A neurosurgeon says there is one distinguishing feature between a migraine headache and chronic subdural hematoma head pain.

Chances are, if you have a chronic subdural hematoma, you might remember in your recent history getting hit on the head or bumping your head hard on something.

But some patients with cSDH are unable to report the head trauma that caused it.

This is because sometimes, the “trauma” seemed insignificant at the time, such as a run-of-the-mill bonking the head on the car door frame when getting into the car. It’s noticed at the moment, but is quickly forgotten.

Five weeks later when the headache from the chronic subdural hematoma arises, the patient does not link it to the little mishap with the car door frame.

And all it takes is this seemingly minor trauma to induce a cSDH in an elderly person.

But a person over age 60 may also have migraines, and people younger than 60 can get a chronic subdural hematoma.

“One distinguishing feature is that the headache from cSDH is worse in the mornings,” says

Charles Park, MD, Director of The Minimally Invasive Brain and Spine Center at Mercy Medical Center in Baltimore.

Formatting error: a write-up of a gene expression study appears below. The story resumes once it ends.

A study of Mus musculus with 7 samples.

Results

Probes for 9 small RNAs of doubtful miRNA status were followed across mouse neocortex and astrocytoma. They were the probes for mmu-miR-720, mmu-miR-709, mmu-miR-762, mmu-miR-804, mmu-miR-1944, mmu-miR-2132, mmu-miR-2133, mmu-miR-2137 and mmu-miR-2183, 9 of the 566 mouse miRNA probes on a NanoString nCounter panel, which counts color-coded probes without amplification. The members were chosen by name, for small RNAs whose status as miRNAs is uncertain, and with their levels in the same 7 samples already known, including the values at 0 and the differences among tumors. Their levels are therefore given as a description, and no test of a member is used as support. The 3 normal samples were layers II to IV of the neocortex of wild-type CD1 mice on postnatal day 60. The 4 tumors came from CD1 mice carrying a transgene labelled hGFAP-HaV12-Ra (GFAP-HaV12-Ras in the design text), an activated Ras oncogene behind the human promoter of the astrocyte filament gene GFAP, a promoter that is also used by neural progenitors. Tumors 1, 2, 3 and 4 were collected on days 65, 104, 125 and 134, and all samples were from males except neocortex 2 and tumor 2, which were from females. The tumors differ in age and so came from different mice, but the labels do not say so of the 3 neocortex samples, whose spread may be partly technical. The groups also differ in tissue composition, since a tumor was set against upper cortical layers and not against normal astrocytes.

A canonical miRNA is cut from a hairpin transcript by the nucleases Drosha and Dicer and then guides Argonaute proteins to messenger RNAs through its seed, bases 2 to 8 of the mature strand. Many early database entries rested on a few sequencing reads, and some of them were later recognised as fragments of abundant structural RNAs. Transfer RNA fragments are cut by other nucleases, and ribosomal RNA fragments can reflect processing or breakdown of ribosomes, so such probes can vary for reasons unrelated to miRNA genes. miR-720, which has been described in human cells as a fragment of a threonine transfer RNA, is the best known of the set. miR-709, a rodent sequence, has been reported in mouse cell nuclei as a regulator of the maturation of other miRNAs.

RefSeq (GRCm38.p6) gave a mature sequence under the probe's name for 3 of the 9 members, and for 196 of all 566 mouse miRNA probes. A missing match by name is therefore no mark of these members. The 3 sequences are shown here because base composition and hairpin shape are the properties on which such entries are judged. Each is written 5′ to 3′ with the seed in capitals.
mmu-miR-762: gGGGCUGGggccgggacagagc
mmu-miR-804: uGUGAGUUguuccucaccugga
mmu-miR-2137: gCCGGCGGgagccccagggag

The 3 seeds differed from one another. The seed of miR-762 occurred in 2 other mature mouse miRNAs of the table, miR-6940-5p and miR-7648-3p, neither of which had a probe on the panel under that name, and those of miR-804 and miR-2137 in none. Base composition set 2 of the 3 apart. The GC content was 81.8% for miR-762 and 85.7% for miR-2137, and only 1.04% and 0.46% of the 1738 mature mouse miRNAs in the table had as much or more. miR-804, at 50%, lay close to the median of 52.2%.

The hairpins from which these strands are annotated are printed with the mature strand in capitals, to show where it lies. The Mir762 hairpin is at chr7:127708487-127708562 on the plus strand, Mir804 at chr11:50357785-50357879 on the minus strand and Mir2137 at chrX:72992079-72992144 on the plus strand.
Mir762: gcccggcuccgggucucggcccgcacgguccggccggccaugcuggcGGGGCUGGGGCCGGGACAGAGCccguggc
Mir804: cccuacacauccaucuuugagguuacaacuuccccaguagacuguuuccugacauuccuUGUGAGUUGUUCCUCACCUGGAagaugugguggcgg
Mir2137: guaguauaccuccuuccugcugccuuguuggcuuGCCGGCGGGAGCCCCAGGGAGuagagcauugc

He is a neurosurgeon and continues, “Migraine headaches are severe, and associated with light, sound, etc., and usually unilateral.” That means one-sided.

“At night, when we lay flat, there is an increase in venous blood return to the heart and increase in venous pressure. so, the soft structures, such as discs and nerves and brain, get swollen or get larger, which causes a bit more pressure on the brain and this causes worsening headache.”

What about onset of migraine?

Is it always gradual? Or can it be sudden?

“Depends on the type of migraine headaches, but usually the onset of migraine headache is much faster than chronic subdural hematoma, which develops over days,” says Dr. Park.

There are exceptions to the rule of developing over days, however.

My mother was diagnosed with a cSDH six weeks after she fell and hit her head.

She awakened one morning with a horrible headache.

The day prior, going all the way back six weeks, she had not had any headaches.

Even when she got into bed the night prior, she felt perfectly fine.

Sometimes, the brain does not act in ways that we think it should.

Like that old saying goes, “If the human brain were simple enough for us to understand, we’d be too simple to understand it.”

Dr. Park specializes in minimally invasive surgical techniques for treatment of conditions affecting the brain and spine. He’s skilled in advanced procedures and techniques that utilize innovative computer technology and image-guided surgery systems.
Lorra Garrick has been covering medical, fitness and cybersecurity topics for many years, having written thousands of articles for print magazines and websites, including as a ghostwriter. She’s also a former ACE-certified personal trainer.